Home — Health COVID-19 vaccines aren’t for those under 12, but some parents are ready

COVID-19 vaccines aren’t for those under 12, but some parents are ready


Mimi Allen has two daughters, 14 and 10. She is raising them alone. They are her world. So while the Phoenix financial adviser doesn’t usually go for rule-breaking, she recently decided to slip into a local pharmacy and get her younger daughter a Pfizer COVID-19 vaccination, approved only for those 12 and older.

Allen told her immunocompromised daughter the plan, fibbed about her child’s age at the counter, and walked out relieved.

“I’m a mother who needs to keep her children safe, and if the governor here had mandated masks in school, I might have thought differently,” said Allen, 55, who declined to give her daughters’ names out of concern for any backlash. “I’m an ethical person. But after my daughters, my concern is me. If they get it and pass it on, and I’m hospitalized or dead, my kids are in trouble.”

COVID-19 vaccines

Allen’s plight is shared by millions of Americans who, as schools go back in session, ponder the best way to keep their vaccine-ineligible young ones safe as the delta variant continues its rampage and some state leaders resist in-school mask mandates.

Having a child under 12 receives the vaccine raises medical and ethical questions and can bring justifications ranging from understandable to specious. Among the former: Children with underlying conditions deserve a shot considering the alternative. The latter: With many people declining the vaccine, one might as well use a dose, although doses are still needed for at-risk adult holdouts.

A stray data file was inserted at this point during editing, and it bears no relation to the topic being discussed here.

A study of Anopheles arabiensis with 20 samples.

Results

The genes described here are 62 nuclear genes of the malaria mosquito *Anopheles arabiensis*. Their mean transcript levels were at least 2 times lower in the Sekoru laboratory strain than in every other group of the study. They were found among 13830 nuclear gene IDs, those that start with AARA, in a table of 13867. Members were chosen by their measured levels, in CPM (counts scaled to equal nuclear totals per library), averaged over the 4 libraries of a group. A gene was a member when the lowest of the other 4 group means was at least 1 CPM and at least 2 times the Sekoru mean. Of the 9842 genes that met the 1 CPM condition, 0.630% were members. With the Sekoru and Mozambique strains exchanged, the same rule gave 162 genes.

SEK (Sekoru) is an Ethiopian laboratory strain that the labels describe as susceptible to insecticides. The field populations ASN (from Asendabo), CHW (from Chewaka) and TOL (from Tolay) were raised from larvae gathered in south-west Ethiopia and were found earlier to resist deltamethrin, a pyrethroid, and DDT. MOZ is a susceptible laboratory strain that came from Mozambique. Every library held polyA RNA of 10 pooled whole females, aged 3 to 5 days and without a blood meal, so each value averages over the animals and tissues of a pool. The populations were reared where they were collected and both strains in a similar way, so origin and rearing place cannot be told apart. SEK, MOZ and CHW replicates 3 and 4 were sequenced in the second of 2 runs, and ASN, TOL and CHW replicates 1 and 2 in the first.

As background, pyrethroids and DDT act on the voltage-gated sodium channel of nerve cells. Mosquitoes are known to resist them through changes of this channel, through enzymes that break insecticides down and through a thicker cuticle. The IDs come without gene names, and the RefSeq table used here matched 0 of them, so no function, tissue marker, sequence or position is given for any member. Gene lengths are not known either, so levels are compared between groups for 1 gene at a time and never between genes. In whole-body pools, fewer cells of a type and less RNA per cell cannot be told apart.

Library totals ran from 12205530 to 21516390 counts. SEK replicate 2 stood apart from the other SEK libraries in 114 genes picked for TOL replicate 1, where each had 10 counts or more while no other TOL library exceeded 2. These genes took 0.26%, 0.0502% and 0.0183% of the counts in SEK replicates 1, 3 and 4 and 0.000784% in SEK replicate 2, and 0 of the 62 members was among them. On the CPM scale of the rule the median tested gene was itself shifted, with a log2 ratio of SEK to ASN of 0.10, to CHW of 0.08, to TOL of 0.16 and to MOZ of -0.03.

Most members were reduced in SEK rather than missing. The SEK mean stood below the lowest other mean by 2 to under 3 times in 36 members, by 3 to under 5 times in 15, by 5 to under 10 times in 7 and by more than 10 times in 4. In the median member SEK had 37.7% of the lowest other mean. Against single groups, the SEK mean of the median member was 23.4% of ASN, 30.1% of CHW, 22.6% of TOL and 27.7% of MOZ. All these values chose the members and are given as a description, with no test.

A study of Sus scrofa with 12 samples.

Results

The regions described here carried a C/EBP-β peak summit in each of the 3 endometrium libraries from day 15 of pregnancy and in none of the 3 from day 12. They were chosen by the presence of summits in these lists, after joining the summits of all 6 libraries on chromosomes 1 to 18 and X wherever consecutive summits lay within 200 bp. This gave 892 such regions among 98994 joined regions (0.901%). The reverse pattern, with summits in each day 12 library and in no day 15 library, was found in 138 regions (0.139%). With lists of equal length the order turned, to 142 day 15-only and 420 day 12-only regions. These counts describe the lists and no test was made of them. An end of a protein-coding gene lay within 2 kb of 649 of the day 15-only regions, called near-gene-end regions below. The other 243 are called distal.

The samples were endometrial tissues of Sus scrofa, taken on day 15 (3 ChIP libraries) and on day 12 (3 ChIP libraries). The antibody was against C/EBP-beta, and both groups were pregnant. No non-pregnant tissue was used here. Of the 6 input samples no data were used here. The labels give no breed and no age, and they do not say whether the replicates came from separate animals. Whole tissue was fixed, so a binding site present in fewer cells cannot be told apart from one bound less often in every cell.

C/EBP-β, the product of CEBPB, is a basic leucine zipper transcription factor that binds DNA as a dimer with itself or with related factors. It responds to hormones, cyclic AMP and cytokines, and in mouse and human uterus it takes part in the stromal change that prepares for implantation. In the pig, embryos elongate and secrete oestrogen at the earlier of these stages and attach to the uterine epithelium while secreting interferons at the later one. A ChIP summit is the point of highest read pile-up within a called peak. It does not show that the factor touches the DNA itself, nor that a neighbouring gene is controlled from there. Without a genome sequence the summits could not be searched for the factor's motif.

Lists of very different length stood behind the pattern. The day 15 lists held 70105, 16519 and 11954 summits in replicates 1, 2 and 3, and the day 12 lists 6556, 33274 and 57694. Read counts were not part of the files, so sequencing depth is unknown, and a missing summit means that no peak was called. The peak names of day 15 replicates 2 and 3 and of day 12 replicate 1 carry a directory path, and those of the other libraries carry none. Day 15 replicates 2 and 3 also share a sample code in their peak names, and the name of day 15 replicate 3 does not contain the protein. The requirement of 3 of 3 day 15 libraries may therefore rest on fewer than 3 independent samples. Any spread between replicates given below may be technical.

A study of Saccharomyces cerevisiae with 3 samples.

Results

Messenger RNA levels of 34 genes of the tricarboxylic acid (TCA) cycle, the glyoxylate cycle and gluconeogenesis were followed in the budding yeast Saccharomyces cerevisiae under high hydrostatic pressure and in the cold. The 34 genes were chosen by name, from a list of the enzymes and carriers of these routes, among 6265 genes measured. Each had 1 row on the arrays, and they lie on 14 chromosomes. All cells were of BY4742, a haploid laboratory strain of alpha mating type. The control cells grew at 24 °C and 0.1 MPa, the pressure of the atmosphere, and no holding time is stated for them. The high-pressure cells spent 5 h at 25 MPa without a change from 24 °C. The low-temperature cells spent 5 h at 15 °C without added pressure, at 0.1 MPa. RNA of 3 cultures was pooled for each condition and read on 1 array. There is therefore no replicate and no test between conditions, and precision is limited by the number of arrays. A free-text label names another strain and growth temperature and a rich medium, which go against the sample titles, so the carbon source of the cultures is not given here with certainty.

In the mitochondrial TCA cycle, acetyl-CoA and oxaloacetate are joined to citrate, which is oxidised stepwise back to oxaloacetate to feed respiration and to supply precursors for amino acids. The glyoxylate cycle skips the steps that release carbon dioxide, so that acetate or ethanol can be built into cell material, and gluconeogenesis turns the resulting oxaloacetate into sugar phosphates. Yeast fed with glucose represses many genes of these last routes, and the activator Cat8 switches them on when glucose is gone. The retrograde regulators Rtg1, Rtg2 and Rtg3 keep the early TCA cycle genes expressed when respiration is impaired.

When asked their opinion, doctors and ethicists gave USA TODAY a unanimous verdict: Though the temptation is understandable, getting a child the COVID-19 vaccine introduces risks that may outweigh the benefits.

“I know there’s a lot of anxiety out there, but it doesn’t justify going outside the lines,” said Dr. Sean O’Leary, an infectious diseases specialist at Children’s Hospital Colorado in Aurora. “The No. 1 issue with any vaccine is safe for the patient.”

O’Leary is a member of the American Academy of Pediatrics. Their CEO recently sent a letter to the Food and Drug Administration urging the agency to speed the approval of vaccines for those under 12, leveraging data compiled from ongoing trials.

Most experts predict such approval could come as early as this fall but as late as early winter.

The FDA is in a race against the clock on a few fronts. Regarding adults, some Americans have said they will get a shot only when the agency gives full, versus just emergency, approval of the vaccines. The Biden administration has said that may happen next month.

And for kids, delaying even emergency approval – which could happen if the FDA decides to add children to its current trial – raises the stakes as hospitals increasingly see younger unvaccinated patients.

According to the American Academy of Pediatrics, last week saw the most significant leap since the pandemic began pediatric COVID-19 cases, about 72,000 from 39,000 the previous week. Doctors in hard-hit states such as Kentucky and Texas report that some children are being put on ventilators.